Today was an exceptional day, hot and sunny, though with (in contrast to the previous two days) light winds. The plan was to sail up the Firth to Holy Loch for lunch and then back south to end at Rothesay on the Isle of Bute.
The fleet set out from Inverkip in ones and twos. Early departers discovered the winds were pretty much non existent at Holy Loch, so the plan was changed and we all ran south, turning past the light at Toward Point and rounding into Loch Striven.
It was a day to have all the canvas up and the fleet made a lovely sight in the glorious sun. However, as the afternoon wore on, the winds became lighter and more variable, forcing our return to Rothesay.
The harbour at Rothesay is small and welcoming. It is dominated on the outside by the ferry terminal and one must adhere to the traffic lights when entering and leaving.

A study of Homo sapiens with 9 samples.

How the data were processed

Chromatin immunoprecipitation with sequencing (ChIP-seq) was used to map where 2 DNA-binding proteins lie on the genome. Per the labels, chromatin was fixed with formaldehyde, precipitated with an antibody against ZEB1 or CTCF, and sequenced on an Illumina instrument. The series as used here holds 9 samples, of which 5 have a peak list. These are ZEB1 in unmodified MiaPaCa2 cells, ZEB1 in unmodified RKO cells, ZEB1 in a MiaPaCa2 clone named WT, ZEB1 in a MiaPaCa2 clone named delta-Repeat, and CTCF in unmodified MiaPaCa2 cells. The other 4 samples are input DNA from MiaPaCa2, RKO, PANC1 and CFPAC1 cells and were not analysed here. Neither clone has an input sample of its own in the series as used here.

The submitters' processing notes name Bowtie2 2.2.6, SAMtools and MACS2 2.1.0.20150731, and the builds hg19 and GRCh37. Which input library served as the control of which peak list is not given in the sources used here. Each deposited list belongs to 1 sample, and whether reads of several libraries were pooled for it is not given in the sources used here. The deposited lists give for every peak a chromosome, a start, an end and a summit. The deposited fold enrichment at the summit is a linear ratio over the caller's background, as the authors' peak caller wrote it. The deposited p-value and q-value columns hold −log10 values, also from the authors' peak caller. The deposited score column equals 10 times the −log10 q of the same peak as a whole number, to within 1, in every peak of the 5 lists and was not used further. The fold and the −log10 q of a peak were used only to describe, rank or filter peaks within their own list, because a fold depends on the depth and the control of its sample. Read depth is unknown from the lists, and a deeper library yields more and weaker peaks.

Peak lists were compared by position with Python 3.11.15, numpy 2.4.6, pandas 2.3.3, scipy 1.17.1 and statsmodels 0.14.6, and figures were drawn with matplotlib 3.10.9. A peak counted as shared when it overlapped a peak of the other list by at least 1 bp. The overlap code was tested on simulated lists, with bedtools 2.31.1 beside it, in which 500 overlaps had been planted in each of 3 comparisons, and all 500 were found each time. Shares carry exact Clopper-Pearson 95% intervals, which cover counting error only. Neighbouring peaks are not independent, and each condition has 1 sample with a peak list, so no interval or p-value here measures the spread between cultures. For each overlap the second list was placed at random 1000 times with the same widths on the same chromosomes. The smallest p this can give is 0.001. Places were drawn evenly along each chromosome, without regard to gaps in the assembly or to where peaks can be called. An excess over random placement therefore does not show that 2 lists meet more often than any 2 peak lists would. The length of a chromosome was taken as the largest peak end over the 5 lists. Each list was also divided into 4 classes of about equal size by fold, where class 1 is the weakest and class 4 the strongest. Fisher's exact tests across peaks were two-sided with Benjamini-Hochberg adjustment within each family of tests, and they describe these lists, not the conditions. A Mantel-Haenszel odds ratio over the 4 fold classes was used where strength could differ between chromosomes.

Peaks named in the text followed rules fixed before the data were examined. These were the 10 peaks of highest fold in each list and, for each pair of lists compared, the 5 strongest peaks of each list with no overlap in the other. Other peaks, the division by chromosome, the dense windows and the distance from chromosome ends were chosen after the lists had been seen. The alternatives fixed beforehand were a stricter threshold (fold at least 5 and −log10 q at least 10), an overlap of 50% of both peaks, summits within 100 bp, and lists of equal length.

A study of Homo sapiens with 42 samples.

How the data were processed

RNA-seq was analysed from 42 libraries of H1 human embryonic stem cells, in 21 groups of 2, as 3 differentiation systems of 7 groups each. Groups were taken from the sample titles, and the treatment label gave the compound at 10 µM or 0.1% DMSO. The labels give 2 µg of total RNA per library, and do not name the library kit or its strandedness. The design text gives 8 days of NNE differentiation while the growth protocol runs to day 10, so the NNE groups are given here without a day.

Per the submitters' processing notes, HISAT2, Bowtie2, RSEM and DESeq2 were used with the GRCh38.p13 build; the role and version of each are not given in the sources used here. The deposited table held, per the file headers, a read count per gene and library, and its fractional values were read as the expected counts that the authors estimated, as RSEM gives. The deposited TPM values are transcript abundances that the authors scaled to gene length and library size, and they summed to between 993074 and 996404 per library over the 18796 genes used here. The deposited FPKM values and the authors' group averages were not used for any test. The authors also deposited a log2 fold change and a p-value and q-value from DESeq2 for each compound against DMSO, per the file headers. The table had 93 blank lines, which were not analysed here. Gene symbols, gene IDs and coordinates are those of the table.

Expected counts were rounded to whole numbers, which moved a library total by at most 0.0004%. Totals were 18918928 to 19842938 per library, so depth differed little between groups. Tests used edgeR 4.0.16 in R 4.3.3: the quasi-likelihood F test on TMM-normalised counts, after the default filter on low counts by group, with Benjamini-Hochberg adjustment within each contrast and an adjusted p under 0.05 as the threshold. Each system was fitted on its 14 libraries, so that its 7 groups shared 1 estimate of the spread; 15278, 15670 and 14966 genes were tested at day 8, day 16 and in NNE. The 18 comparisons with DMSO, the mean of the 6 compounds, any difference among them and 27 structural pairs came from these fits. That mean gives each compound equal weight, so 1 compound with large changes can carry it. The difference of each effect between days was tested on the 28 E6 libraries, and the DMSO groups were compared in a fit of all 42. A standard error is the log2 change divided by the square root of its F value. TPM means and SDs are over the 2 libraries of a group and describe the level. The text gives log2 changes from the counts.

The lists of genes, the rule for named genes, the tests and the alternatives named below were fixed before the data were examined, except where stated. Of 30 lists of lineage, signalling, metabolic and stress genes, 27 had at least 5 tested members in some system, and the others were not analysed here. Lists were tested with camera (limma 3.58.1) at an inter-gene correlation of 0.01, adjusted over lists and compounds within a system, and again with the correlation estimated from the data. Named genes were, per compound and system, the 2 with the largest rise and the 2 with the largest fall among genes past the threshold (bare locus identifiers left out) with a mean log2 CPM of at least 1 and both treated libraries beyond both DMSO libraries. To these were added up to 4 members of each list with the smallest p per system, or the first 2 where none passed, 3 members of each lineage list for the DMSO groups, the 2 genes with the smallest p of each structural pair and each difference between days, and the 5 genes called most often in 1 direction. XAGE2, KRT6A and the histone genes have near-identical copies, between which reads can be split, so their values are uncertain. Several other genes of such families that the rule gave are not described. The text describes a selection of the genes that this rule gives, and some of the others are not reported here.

Rothesay is a town of faded grandeur, with large confident Victorian buildings, many of which (like many seaside towns of old) have sadly fallen into disrepair. However civic pride remains and the gardens are marvellous with meticulously pruned fruit trees and lawns like a billiard table. A key tourist attraction is the Victorian Toilets- a marvellously ornate tiled affair.
Dining choices were limited and we had a comedy meal at the local Indian restaurant. It described itself as Rothesay’s premier Indian restaurant, but was in fact its only Indian restaurant. The waiter was very new, but no one had explained the concept of a restaurant to him. The food was good, but something of a lottery as to whether it was the dish ordered!